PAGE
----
Since opening, the Firedoor steak continues to make headlines, recently named “The World’s Best Steak” by Australian food critic Rob Broadfield.
The creation of the 200+ day dry aged steak began with chef and owner, Lennox Hastie at odds by the typical grill restaurant. The majority of the menu at Firedoor comprises fish and vegetables, as it is there that there are the biggest variations on a daily basis that continue to challenge Hastie. However, he knew that if there was going to be one steak, it had to be a great one.
With the beef it wasn’t enough to simply take the best Australian steak and grill it. It had to be better. For Hastie it had to contend with the memory of Galician beef, which is forever imprinted on his palate from his time at Extebarri in the Basque country. “The beef in Spain is recognised as some of the best in the world, with rich old retired dairy cows producing incredibly developed grass-fed beef. Beef comes down to breed, feed and environment. Australia doesn’t have the Spanish breed rubia gallega, the culture of utilising older animals and the same pasture rich environment,” says Hastie.
Hastie wanted to produce a steak that would give him an emotional response, so he began working the farmers, the producers and the butchers to make the best of what we had available. For four years Hastie, the producers and Anthony Puharich from Vic’s Meat persevered, observed and learnt until they had something that was amazing.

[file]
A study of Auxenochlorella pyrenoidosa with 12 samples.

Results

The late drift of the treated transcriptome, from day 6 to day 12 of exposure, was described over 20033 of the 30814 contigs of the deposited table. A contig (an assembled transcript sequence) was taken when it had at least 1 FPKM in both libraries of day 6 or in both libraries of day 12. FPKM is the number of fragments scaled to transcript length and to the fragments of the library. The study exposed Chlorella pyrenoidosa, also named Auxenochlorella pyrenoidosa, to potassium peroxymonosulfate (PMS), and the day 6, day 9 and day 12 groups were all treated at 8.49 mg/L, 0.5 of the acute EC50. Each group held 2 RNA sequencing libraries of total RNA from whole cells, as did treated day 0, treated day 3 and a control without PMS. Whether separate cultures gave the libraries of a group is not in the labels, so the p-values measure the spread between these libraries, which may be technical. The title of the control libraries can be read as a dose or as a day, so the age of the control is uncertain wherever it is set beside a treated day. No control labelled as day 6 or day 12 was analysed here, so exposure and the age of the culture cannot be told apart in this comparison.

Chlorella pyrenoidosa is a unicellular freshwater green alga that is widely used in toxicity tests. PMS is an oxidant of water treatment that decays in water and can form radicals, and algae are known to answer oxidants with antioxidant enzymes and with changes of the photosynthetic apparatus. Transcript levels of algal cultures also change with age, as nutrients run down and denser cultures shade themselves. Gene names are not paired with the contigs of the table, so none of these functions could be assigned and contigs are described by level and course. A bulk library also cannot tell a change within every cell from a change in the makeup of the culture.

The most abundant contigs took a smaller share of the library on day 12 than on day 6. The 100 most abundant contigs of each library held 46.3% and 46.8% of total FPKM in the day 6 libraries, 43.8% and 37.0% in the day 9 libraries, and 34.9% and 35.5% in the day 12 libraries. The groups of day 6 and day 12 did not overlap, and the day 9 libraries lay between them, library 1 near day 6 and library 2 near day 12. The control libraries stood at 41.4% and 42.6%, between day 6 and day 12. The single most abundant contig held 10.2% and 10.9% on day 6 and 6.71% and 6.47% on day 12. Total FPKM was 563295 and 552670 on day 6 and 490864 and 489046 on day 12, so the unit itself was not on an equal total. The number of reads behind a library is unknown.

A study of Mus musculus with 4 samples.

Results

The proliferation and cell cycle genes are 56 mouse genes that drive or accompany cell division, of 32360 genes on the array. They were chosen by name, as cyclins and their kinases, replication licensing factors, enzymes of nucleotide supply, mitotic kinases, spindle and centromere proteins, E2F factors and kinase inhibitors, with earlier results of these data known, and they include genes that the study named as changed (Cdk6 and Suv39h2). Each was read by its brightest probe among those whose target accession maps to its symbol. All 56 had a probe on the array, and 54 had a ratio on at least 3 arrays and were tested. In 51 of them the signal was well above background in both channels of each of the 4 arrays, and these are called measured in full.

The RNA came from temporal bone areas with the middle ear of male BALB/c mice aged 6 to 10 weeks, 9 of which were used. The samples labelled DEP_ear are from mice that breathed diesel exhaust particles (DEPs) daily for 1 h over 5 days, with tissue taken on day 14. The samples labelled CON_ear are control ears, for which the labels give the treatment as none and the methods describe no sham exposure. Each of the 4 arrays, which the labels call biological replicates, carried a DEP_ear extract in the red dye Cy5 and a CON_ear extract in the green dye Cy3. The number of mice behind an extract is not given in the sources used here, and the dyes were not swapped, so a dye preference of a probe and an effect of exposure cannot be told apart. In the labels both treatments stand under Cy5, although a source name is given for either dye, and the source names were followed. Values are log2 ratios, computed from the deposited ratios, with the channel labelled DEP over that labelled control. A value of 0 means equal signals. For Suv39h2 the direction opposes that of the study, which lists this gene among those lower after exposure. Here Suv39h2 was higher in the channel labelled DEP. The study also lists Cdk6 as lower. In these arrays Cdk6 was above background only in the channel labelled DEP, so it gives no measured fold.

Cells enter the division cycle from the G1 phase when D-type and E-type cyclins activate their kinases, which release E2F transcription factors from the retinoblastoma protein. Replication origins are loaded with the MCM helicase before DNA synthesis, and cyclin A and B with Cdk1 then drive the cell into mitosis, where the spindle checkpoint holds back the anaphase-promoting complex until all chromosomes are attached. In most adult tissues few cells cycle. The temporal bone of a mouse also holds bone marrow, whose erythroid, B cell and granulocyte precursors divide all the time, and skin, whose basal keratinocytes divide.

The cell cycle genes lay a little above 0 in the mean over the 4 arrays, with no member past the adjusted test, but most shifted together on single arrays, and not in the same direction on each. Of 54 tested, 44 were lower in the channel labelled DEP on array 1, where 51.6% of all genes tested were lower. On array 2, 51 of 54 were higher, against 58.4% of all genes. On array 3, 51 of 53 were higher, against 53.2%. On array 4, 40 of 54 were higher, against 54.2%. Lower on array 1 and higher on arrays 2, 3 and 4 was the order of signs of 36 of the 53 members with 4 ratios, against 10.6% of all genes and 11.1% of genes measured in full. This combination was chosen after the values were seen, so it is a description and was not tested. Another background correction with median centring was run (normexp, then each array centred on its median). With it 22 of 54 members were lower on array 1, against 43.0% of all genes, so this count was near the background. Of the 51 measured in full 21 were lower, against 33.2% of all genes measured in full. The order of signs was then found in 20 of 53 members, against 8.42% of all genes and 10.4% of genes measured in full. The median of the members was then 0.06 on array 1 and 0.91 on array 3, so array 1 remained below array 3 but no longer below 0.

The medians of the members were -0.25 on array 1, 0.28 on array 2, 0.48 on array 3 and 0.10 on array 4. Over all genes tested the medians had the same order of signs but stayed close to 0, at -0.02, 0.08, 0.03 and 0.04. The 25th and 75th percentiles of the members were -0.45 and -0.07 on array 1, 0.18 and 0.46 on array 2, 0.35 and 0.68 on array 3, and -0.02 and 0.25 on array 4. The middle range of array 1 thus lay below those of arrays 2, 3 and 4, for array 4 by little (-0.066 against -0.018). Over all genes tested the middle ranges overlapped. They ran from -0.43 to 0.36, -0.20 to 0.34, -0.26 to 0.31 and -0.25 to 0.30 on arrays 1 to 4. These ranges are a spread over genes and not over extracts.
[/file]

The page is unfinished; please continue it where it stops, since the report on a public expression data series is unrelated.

The process involves a careful selection of the carcass that can only be determined following the slaughter of the animal. The fat from the kidneys is then rendered which is used to paint the ribs until they are sealed under a layer, before dry-aging on the bone for over 200 days depending on the size, marbling and the maturity.
Hastie and Puharich work with two producers to create the steak. Rangers Valley in Northern NSW who produces Angus cattle that are grain finished gradually for 270 days and O’Connor Beef in Gippsland Victoria who breed grass fed Hereford cross Angus cattle. Both produce very different expressions of the steak. In fact, no two animals are ever the same. Hastie finds it difficult to describe the flavour, “you need to experience the steak to really understand it, it’s not like any other piece of steak you’ve ever eaten”. Flavour profile ranges from intense umami meatiness through to old sherry and aged Parmesan.
For Hastie, the beautiful thing is that the process never ends, “It is something that we continue to learn and improve in partnership with the farmer, the producer and the butcher. It is an exceptional steak but it is much more than just me that brings it to the plate”.